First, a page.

The Story Behind Olive Wagyu

What is this “Wagyu” we’re talking about? Let me break it down for you. There are four breeds of “Wagyu” -- Japanese cattle, that is -- that are indigenous to Japan. One of them, Kuroge Washu, is genetically predisposed to high levels of marbling. It’s really hard to get authentic Wagyu 100% from the Kuroge Washu breed directly from Japan.

But we didn’t just source authentic Wagyu from this Pacific Rim nation.

We sniffed out the rarest of the rare when it comes to Wagyu, and found a micro-batch of Wagyu beef nestled away in a coastal corner of Japan’s smallest prefecture, that had been raised on a diet of olives that had been toasted and caramelized in the traditional Seto Inland Sea method. We found that this particular type of Wagyu -- they call it Olive Wagyu -- has the highest levels of healthy fats of any beef anywhere, at 65.2% oleic acid content. That’s what causes the melt in your mouth texture. It also has a bolder umami flavor than any other Wagyu; and at only 2200 Olive Wagyu animals in existence and just a few harvested per month, it might just be the smallest-batch steak on the planet.


So Olives and Wagyu… How? And why?!

Olive Wagyu is one of the rarest steaks on the planet, produced by only a handful of farmers in the Kagawa Prefecture of Japan. It brings together two of the region’s most storied and delicious agricultural traditions -- beef and olives -- and marries them for stunning steak.


Cattle raising began in Kagawa Prefecture around the year 700, when cows were used by farmers as beasts of burden. Selected over centuries for draft power and musculature, the animals were formidable-looking but gentle. But it wasn’t until 1872, when emperor Meiji lifted the ban on meat-eating, that farmers in Kagawa started raising their cattle for meat. They quickly discovered those powerful muscles bred for labor in the crop fields -- but now allowed to relax in shaded pens -- made for meat so finely marbled with fat that it looked like pink filigree. This new Japanese beef, so marbled it makes any omnivore swoon, took Osaka, Tokyo, and later the world by storm. Beef from the Kobe region, in particular, became most famous because of its proximity to ports. Kagawa-area farmers, raising meat that was every bit as exquisite as Kobe, got short shrift because of their distance from big city markets.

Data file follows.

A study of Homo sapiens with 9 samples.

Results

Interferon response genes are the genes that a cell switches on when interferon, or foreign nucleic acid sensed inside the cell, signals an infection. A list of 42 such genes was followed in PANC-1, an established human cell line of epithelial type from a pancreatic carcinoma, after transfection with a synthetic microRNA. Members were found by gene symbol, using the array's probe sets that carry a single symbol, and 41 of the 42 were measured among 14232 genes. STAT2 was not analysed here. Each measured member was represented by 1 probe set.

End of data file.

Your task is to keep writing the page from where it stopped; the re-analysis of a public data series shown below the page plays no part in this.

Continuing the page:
In 1908, the Japanese government sent olive-tree seedlings all over Japan to test whether the fruit could be cultivated. It didn’t grow well in Mie, nor did the seedlings survive in Kagoshima. The only place olives thrived in all of Japan was on a small, cow-shaped island in Kagawa Prefecture called Shodoshima. The mild, Mediterranean-like climate of the Seto Inland Sea kept the trees -- and the cattle on the island’s farms -- warm. A niche olive-oil industry sprang up, with the bottled oil shipped off to high-end kitchens around the world, and the leftover olive mash discarded as waste.


Olive Wagyu.

Cattle farmers on Shodoshima Island and elsewhere on the Kagawa mainland were struggling in the early 2000s. They produced beef as marbled as any Kobe, but the world had no market for them. Their farms were just too far from the ports. But in 2006, all that started to change, because that was the year a cattle farmer on Shodoshima named Masaki Ishii started testing different methods of toasting the leftover olive pulp from olive oil production on the island. He had a hunch that if he could get his handful of cows to eat the olives, the healthy oleic acid the fruits are known for might impart into the meat, carrying their great health benefits.

First, he tried feeding one of his cows raw olive pulp. No dice. Super bitter. Next he innovated, drawing upon an old technique of drying persimmons by air in the Seto Inland Sea breezes. Ishii-San lay the olive lees out on rocks by the shore and waited for them to toast. It took 3 years to perfect the technique, but perfect it he did. Slow-toasted olives, when completely draw, were sweet, malty, and delectable. The cows loved it.

And when Ishii-San harvested those first olive-fed Wagyu steers, he found that something extraordinary had happened to the meat. It was higher than any other Japanese Wagyu -- including Kobe -- in monounsaturated oleic acid and richer in umami flavor.